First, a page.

The major themes of our stay in Hong Kong were: Jet lag, the comfy hotel, and Cantonese.
The night we arrived in Hong Kong, we were all either in tears or close to it. We, collectively, hadn’t slept much (though some more than others), and really needed beds. The hotel was air-conditioned, and the beds were soft and we all fell asleep instantly. The babies (having gotten the most sleep on our journey) woke up at 3:00 am and wanted company. Everyone ended up waking super early and that night we were all asleep by 5:00 pm. Thankfully, each night, we all went to bed a little later and woke up a little later until when it was time to leave we were almost back to our normal bed times.
The hotel we stayed at was the perfect place to recover from jet-lag. It had comfy beds, air-conditioning, fridge, electric kettle, wifi, and bottled water. What more could you possibly need to remember who you are? Oh yeah, food.
This brings us to the Cantonese issue. Robert speaks and reads Mandarin, so we thought cantonese wouldn’t be too hard, even if he doesn’t understand what people are saying, he can still understand the writing system, right? Turns out it was more complicated than that. He honestly thought he would be able to be understood, and it was frustrating for him how many miscommunications he encountered. More people spoke English than Mandarin which helped me as I ventured into the busier parts of Hong Kong, but the food stand down the street (the woman spoke only Cantonese) was more of a struggle. Well, you live and learn, and we definitely learned. Next time we are there, we will have a better command of basic cantonese or go with someone who does.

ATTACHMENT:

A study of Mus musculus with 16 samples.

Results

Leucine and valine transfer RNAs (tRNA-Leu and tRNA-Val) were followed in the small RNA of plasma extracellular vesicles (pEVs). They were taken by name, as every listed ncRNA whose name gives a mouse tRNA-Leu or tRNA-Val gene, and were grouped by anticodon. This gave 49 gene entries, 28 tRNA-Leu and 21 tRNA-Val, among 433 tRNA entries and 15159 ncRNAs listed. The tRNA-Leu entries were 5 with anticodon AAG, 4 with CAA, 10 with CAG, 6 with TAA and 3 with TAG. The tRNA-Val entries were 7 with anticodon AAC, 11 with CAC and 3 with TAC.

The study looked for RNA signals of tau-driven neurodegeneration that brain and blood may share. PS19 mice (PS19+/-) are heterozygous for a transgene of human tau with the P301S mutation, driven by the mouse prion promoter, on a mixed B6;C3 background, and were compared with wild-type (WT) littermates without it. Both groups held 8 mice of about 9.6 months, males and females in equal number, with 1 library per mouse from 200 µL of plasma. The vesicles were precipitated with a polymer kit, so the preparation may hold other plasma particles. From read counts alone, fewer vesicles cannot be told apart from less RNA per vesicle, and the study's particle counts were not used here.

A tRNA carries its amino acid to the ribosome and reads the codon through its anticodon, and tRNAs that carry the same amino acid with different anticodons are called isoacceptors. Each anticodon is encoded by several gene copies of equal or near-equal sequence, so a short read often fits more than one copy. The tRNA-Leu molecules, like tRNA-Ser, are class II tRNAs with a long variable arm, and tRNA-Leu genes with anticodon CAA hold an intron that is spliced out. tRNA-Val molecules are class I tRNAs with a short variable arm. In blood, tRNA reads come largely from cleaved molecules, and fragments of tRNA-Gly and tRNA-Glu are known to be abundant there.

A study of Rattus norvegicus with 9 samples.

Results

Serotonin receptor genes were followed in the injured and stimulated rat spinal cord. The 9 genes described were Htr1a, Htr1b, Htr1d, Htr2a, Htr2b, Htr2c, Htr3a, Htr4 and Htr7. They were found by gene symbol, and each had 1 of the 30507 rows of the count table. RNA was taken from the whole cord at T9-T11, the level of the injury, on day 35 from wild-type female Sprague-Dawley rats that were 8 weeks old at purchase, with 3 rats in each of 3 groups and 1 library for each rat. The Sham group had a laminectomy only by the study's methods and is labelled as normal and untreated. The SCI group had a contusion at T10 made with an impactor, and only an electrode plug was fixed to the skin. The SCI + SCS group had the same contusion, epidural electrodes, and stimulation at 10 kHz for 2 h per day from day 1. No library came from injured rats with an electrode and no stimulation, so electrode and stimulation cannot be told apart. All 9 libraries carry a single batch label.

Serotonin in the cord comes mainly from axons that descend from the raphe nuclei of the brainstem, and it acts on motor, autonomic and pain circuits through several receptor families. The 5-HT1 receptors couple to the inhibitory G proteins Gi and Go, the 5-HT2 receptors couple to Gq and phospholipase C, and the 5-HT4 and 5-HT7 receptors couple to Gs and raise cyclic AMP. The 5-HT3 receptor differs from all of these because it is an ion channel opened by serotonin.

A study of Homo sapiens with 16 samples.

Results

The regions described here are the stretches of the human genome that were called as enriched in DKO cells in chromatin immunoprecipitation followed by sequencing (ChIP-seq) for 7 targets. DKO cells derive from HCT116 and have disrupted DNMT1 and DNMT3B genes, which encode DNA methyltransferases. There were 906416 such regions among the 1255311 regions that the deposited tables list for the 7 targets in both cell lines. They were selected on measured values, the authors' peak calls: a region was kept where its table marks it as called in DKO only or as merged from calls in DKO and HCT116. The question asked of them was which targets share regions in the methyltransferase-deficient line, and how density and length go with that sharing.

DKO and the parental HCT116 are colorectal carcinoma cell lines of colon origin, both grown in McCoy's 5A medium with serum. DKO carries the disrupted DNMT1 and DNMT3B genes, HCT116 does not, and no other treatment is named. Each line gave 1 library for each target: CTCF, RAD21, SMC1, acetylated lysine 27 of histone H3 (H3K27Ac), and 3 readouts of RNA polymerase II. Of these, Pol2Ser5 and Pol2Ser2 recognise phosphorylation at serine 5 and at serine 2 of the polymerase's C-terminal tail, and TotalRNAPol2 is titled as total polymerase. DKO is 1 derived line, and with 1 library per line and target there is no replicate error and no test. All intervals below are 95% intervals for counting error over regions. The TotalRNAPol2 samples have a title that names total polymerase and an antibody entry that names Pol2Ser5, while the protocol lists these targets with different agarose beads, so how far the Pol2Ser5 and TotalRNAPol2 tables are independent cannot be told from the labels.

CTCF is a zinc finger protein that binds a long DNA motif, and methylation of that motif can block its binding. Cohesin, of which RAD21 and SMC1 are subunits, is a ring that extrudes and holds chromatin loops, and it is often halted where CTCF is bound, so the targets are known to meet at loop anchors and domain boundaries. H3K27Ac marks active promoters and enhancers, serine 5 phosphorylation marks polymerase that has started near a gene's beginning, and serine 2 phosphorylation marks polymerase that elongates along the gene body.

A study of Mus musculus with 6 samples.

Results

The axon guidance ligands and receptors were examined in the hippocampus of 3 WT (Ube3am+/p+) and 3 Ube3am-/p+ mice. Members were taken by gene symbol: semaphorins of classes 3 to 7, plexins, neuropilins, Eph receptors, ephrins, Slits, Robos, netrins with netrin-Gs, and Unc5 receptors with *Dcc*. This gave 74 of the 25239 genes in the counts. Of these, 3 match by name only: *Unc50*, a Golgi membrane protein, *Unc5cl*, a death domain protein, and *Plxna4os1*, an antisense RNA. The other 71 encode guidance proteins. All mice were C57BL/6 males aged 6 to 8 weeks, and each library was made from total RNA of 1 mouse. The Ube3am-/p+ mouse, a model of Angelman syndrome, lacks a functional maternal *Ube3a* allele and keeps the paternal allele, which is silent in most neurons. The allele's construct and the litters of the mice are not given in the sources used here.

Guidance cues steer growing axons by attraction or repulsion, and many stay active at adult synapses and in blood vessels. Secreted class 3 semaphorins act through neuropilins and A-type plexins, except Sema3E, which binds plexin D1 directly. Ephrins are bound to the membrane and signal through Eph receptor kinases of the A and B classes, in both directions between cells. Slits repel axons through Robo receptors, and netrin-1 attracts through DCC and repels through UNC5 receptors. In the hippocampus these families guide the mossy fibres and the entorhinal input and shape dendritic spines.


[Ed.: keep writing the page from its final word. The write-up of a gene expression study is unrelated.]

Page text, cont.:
One thing that would follow us all through Xiamen, Hong Kong and into Taiwan is the fact that we have six children. That really makes people in Asia take notice. Not just notice, but also stop, stare, and take pictures. We must look like a complete circus. Hong Kong was more diverse than Xiamen airport, but we were still an anomaly. When my oldest was 5 (she is now 16), she constantly got candy and requests for pictures in Taiwan, so I expected some, but it is amplified if you are foreigners, not just with one child, but with a whole passel.